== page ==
Joni Eareckson Tada: Sharing Hope

Joni Eareckson Tada

Let Us Break Bread Together

January 30, 2019
00:00 3:59

I love that beautiful gospel song, something that you often sing right before communion. So if you know it, sing it with me today.

Let us break bread together on our knees

Let us break bread together on our knees

When I fall down on my knees

With my face to the rising sun

Oh, Lord, have mercy on me.

I love this old hymn, especially the part when we sing “On our knees.” I grew up in a Reformed Episcopal Church, a solid little evangelical congregation and we took the Lord's Supper up front kneeling at the Communion railing. When our knees are actually bowed, it should be a physical symbol of a spiritual reality. It’s a sign of humility. And that’s why I so love this poem. It’s credited to Carol Wimmer, but whoever wrote it sure knows something about humility, especially as it concerns our life in Christ.

She writes, “When I say, ‘I am a Christian,’ I'm not shouting ‘I'm clean livin.’ I'm whispering, ‘I was lost, now I'm found and forgiven.’ When I say ‘I am a Christian,’ I don’t speak of this with pride. I'm confessing that I stumble and I need Christ to be my guide. “When I say ‘I am a Christian,’ I'm not trying to be strong. I'm professing that I'm weak and I need His strength to carry on. When I say ‘I am a Christian,’ I'm not bragging of success. I'm admitting I have failed and I need God to clean my mess. When I say ‘I am a Christian,’ I'm not claiming to be perfect. My flaws are far too visible but God believes I am worth it. When I say ‘I am a Christian,’ I still feel the sting of pain. I have my share of heartaches, so I call upon His name. When I say ‘I am a Christian,’ I'm not holier than thou; I'm just a simple sinner who received God's good grace, somehow!”

Don’t you love the spirit of humility in that beautiful poem? Because it accurately reflects the way our hearts, the way our knees should bow before the Lord Jesus when we break bread together. When we come to the Lord's table, we divest ourselves of all our strength and pride, all our abilities and resources and we admit: Oh, God we are nothing; without Jesus, we can’t do anything, we are nothing! It’s the best position to be in to receive the abundant grace God gives so graciously, so abundantly, at the communion table where it is a means of grace. So friend, whether you’re breaking bread, or fellowshipping with friends, reading the Word, praying with someone, or going before the Lord Jesus on your own, find a moment today (it might be different for you) to fall down on your knees, would you? At least figuratively. I'm in a wheelchair, I can no longer drop to my knees literally, but I do so figuratively; and if you have arthritis or bad legs, you may not be able to kneel before the Lord either, but we can bow our hearts; we can make our souls drop to their knees to reflect submission, to show humility before our Savior. And hey, it doesn’t have to be communion; it’s the way to break bread with the Lord Jesus every day!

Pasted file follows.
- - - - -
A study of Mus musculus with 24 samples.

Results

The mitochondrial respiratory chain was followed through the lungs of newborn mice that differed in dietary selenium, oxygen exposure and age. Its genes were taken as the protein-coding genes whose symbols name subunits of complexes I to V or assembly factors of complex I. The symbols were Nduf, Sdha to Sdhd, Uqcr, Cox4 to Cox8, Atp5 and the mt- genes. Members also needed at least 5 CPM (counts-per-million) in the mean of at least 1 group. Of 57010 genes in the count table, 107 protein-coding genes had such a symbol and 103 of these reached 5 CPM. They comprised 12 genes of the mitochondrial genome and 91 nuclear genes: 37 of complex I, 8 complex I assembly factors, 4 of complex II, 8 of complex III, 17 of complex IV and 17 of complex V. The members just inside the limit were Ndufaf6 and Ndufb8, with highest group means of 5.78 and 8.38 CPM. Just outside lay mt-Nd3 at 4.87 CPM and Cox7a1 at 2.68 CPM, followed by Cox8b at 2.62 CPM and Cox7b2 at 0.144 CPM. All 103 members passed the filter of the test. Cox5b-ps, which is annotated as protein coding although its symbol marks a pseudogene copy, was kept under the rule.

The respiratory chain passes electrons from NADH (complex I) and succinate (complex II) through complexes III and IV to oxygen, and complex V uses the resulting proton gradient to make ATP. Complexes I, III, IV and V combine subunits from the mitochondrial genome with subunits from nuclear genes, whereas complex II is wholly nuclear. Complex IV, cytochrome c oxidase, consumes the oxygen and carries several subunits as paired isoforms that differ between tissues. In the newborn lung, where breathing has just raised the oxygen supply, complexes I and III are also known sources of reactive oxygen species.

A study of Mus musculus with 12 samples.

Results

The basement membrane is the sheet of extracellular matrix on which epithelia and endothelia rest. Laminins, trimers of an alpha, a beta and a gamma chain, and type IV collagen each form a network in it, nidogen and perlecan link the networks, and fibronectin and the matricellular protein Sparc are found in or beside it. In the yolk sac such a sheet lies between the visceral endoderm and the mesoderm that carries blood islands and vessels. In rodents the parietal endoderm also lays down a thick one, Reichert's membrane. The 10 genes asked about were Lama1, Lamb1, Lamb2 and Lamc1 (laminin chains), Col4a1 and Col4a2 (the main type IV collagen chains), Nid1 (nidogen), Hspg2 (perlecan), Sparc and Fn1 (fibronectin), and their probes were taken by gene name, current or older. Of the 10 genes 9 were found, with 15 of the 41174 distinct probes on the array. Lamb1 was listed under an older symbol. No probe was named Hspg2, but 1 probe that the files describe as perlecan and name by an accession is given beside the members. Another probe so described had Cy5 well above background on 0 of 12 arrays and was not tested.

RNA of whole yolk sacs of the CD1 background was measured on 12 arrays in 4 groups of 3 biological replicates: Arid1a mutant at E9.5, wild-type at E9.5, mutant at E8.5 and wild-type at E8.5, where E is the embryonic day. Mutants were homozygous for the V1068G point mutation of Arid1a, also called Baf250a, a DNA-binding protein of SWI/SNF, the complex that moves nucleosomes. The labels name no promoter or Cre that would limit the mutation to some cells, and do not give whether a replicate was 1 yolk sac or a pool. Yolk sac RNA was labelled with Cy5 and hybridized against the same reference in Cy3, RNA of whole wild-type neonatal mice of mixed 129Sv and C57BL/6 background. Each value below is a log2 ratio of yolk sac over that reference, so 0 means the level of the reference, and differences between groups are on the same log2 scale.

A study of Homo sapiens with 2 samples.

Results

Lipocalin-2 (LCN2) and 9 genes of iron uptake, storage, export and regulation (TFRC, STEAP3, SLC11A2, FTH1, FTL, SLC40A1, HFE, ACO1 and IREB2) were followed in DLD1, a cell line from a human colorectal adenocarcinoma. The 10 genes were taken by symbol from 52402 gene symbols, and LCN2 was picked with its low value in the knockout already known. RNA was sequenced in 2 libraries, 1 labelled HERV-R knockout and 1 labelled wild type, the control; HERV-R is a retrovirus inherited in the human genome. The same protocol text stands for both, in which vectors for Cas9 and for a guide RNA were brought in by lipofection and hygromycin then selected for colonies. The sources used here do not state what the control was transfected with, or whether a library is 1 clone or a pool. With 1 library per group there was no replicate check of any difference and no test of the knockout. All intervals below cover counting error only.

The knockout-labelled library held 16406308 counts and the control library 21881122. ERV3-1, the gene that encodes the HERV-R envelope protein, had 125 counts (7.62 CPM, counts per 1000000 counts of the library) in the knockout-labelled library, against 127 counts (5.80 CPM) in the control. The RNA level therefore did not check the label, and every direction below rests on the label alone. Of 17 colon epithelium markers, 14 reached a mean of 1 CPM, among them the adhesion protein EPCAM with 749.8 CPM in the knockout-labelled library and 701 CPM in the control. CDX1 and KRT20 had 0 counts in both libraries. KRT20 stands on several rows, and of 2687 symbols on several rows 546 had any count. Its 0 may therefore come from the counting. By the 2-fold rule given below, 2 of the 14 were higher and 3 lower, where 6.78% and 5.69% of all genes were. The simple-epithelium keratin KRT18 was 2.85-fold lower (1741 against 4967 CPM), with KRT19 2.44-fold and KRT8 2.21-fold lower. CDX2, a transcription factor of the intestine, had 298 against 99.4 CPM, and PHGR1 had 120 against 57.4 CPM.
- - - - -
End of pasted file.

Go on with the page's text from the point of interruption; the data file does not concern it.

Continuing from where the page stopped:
Joni Eareckson Tada: Sharing Hope is a broadcast ministry of Joni and Friends committed to bringing the Gospel and practical help to people impacted by disability around the world. Joni and Friends has been advancing disability ministry for over 40 years. Their mission to glorify God, communicate the Gospel and mobilize the global church to evangelize, disciple and serve people living with disability answers the call found in Luke 14 to “bring in the poor, the crippled, the blind and the lame… so that my house will be full.”

About Joni Eareckson Tada

Paralyzed as the result of a diving accident at age 17, Joni Eareckson Tada envisions a world where every person with a disability finds hope, dignity, and their place in the body of Christ. As the Founder and CEO of Joni and Friends, she is known worldwide as an author, speaker, disability rights advocate and radio personality. Her 10,000 radio programs are broadcast across the country and around the world, inspiring listeners to realize that there is hope in every hardship.
Joni Eareckson Tada is an esteemed Christian stateswoman and respected global leader in disability advocacy. Although a 1967 diving accident left her a quadriplegic, she emerged from rehabilitation with a determination to help others with similar disabilities. Mrs. Tada serves as CEO of Joni and Friends, a Christian organization which provides programs and services for thousands of special-needs families around the world. President Reagan appointed Mrs. Tada to the National Council on Disability, then reappointed by President George H.W. Bush. During her tenure, the ADA was passed and signed into law. Mrs. Tada served as advisor to Condoleezza Rice on the Disability Advisory Committee to the U.S. State Department. She served as Senior Associate for Disability Concerns for the Lausanne Committee for World Evangelization. The Colson Center on Christian Worldview awarded Joni Tada its prestigious William Wilberforce Award, and she was also inducted into
Indiana Wesleyan University’s Society of World Changers. 
Joni Eareckson Tada has been awarded several honorary degrees, including Doctor of Humanities from Gordon College and Doctor of Divinity from Westminster Theological Seminary. She is an effective communicator, sharing her inspirational message in books, through artwork, radio, and other media. Joni Tada served as General Editor of the Beyond Suffering Bible, a special edition published by Tyndale for people affected by disability. Joni and her husband Ken were married in 1982 and reside in Calabasas, California.